Dubai: The UAE’s space odyssey is inspirational for many, including a young Indian expat woman, who is now reaching for the stars.
From a child who was keen to know about planets and the solar system, Maria Vincent, a former distinguished Dubai student, has become a PhD student in astronomy in the US.
She wants to return to the UAE, which has granted her a long-term golden visa, to serve the country’s space sector.
“The UAE has played a big part in inspiring me to dream big and work towards my doctorate in astronomy,” said the former winner of Hamdan Bin Rashid Al Maktoum Award for Distinguished Academic Performance from Dubai and the Sharjah Award for Excellence in Education.
“The vision of the leaders to transform this country from a barren land to a sprawling metropolis, now a hub of innovation and important scientific research, has been the main reason why I wanted to pursue research and studies in astronomy — a field that is growing at a fast pace in this country,” she told Gulf News.
It all started when a young Maria, as a student of The Indian High School in Dubai, got a chance to go for a space camp at the US Space & Rocket Center in Huntsville, Alabama.
“We spent a week there and I was able to narrow down my interests after that,” the 23-year-old recollected.
“We were assigned as ‘mission specialists’. We had underwater astronaut training. We were taught what goes on in a space mission and we could participate in many activities related to designing and developing some space equipment. We also learned various aspects of what goes on in the ground station and with the astronomers.”
Pursuing space dreams
After getting the hang of an astronaut’s life with the hands-on experience in the space centre, Maria could not think of any other subject to pursue for her higher education in the US.
“I did a Bachelor’s degree in Geophysics and Astrophysics from the University of California, Los Angeles, with Magna cum Laude and Highest Departmental Honors for both majors.”
She said her writing experience in the UAE has also stood in good stead in pursuing her dream of becoming a scientist.
“I had written many articles, essays and poems while being a student here. I published my first book at the Sharjah International Book Fair when I was in grade 12. As a scientist, writing is super important and with my experience here, I was able to build my confidence as a writer,” she pointed out.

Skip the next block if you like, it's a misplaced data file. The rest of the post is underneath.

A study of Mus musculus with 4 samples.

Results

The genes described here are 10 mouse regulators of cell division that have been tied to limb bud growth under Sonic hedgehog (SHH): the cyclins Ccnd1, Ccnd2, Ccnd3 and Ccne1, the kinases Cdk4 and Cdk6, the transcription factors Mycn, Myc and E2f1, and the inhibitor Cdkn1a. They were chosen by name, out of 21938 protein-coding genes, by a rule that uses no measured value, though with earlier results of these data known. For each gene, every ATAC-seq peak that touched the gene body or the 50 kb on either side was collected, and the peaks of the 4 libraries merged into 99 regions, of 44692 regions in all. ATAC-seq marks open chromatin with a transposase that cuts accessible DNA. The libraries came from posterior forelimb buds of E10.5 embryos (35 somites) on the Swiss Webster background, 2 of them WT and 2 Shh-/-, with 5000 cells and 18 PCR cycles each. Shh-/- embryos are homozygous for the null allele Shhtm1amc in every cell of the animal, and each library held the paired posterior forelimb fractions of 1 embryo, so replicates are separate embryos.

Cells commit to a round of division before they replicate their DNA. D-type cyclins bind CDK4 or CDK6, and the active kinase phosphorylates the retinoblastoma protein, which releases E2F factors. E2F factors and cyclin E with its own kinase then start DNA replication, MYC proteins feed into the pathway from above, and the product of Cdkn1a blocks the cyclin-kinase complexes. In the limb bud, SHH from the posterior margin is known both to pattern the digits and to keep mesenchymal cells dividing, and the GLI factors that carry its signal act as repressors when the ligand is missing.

Apart from several academic and research honours and awards, Maria has many scientific publications and presentations to her credit. Even as she is pursuing her PhD, Maria is also a teaching assistant at the Institute for Astronomy, University of Hawaiʻi, Manoa.
Maria, who has done several research projects at different institutions, said during her courses and internship programmes at space institutions in the US, the UAE and India, she got the opportunity to interact with many eminent space scientists from across the world and got even more inspired.
They include Dr J.N Goswami, principal scientist of first Indian lunar probe Chandrayaan-I; Katie Bouman, the American imaging scientist who helped construct the first ever photo of a black hole; and astrophysicist Andrea Ghez, who won the 2020 Nobel Prize in Physics for her discovery of the black hole at the centre of the Milky Way galaxy.
Meeting and interacting with the legendary women in the field has given Maria a clear picture of how women should be spearheading careers in astronomy and in astronomical research.
She said she had witnessed the UAE’s strategy in this regard from close quarters way back in 2017.
“In 2017, I interned with a media company that managed social media and publications of Mohammed Bin Rashid Space Centre (MBRSC). I wrote articles for the space magazines Majarat and Red planet and also took a trip to the facility where Khalifa Sat was being built.
“The UAE in general has opened up a lot of opportunities for me. As I would like to take up a teaching job just like my mother, my main ambition is to become a professor in the field and train students for space programmes,” Maria said.
“Receiving a Golden Visa will enable that and will in turn motivate me to return and work here after completing my doctoral degree. I then hope to join the 50-year-old nation’s great space odyssey to help further research and exploration in this field at a global scale,” she said.
“As a matter of fact, the long-term residency programme is a great encouragement for academic talent, especially high school and college graduates to make the UAE their home and help this nation move forward quickly in its academic, scientific and technical endeavors, given the great potential for growth in several such sectors,” she said, thanking the officials who helped her get the honour.
The young woman said she wished to sponsor her parents George Vincent and Rexy Elizabeth Vincent and her only sister Rose Vincent under her Golden Residency.
“My achievements and progress in my academic career would not have been possible without the support and encouragement from my family. Choosing a field markedly different and nothing alike what my parents pursued was much less of a challenge because my parents understood the importance of chasing one’s own dreams,” she added.